While losing a few pounds because you’re not hungry may not sound like such a bad thing, losing your appetite may be a sign of a serious underlying medical condition. Clinically speaking, “appetite loss” is not about trying to cut down on calories. It’s defined as a decreased appetite or lack of appetite despite basic caloric needs.

It’s important to see your doctor if involuntary and unexplained weight loss within one month exceeds 7 percent of your total body weight. For example, if you weigh 125 pounds and lose 10 pounds without trying, that’s a loss of 8 percent of your body weight—and a red flag.

Your doctor will first want to document your appetite loss, including the time when the problem began (was it triggered by a traumatic event, such as a death in the family?) and note any other symptoms you have. He or she may also request diagnostic tests to check the function of your liver, kidneys and thyroid or send you for an upper gastrointestinal series, abdominal ultrasound or other checks.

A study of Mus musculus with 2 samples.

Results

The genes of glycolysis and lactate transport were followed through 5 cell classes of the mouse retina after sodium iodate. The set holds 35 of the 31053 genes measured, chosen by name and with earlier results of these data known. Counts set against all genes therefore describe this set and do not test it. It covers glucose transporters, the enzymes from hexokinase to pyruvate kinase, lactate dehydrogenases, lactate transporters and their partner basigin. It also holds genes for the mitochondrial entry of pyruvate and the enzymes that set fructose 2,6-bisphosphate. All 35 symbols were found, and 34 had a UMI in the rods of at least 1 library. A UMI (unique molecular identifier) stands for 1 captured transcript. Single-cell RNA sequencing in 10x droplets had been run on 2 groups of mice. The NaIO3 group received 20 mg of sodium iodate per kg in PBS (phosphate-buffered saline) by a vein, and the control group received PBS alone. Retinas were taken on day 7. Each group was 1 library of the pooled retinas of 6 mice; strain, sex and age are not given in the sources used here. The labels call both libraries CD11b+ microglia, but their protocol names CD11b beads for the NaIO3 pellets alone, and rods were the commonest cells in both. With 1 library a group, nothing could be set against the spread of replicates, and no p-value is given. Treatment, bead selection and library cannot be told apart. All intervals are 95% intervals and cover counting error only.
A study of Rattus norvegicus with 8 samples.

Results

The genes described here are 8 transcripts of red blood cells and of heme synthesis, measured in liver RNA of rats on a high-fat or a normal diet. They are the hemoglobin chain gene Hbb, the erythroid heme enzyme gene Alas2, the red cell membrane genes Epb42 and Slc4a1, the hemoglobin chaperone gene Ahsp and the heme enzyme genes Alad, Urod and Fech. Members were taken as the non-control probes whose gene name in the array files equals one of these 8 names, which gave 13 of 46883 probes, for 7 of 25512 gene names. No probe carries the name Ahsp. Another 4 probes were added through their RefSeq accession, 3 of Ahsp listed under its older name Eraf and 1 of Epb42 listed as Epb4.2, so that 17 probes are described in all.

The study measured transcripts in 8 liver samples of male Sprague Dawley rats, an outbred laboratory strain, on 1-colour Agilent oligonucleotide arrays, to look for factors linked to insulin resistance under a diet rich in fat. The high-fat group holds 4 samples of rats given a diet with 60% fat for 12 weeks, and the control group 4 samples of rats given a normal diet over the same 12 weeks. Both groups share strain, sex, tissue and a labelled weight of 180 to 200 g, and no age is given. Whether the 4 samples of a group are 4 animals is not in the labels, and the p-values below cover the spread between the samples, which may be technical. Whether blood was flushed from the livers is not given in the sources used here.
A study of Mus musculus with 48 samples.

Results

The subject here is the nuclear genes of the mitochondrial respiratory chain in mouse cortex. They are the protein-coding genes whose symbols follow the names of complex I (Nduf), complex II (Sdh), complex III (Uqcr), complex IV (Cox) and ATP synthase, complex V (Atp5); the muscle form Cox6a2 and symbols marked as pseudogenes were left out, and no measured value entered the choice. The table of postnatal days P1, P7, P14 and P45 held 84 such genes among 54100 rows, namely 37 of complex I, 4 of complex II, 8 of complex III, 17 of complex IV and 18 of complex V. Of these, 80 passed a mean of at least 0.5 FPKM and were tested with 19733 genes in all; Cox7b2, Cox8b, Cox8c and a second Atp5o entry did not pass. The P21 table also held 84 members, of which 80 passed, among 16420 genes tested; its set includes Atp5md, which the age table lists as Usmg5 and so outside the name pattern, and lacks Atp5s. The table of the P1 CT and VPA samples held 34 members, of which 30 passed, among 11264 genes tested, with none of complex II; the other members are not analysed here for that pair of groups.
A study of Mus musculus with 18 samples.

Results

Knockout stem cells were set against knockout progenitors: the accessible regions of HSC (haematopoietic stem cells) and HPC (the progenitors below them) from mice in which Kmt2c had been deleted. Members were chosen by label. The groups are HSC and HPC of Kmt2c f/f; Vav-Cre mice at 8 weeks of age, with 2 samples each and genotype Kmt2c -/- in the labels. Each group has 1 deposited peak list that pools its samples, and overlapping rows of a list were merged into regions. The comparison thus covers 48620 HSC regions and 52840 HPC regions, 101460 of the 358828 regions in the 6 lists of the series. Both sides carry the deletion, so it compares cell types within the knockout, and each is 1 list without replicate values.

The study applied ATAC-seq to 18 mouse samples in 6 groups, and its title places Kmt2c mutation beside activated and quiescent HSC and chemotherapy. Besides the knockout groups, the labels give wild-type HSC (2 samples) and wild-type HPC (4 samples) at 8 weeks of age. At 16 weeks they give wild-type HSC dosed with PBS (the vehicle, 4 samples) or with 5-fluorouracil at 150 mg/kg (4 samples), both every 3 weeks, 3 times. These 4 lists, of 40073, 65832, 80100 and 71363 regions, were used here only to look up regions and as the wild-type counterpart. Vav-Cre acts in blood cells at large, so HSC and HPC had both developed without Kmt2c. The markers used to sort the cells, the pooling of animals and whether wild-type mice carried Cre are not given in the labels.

Loneliness, boredom, depression, acute or chronic infection, cancer or other problems can bring on appetite loss. Some medications, ranging from chemotherapy drugs to antibiotics, can also make your appetite wane. Discuss adjusting the dosage or changing drugs with your doctor.

Once the reason for your appetite loss has been identified, your doctor will advise you about how to entice your taste buds and keep your weight at a healthy level. He or she may suggest that you plan small, frequent meals or protein shakes throughout the day. Frequent snacking can help, too, especially when you choose nutritious but calorie-dense choices, such as nuts or dried fruits.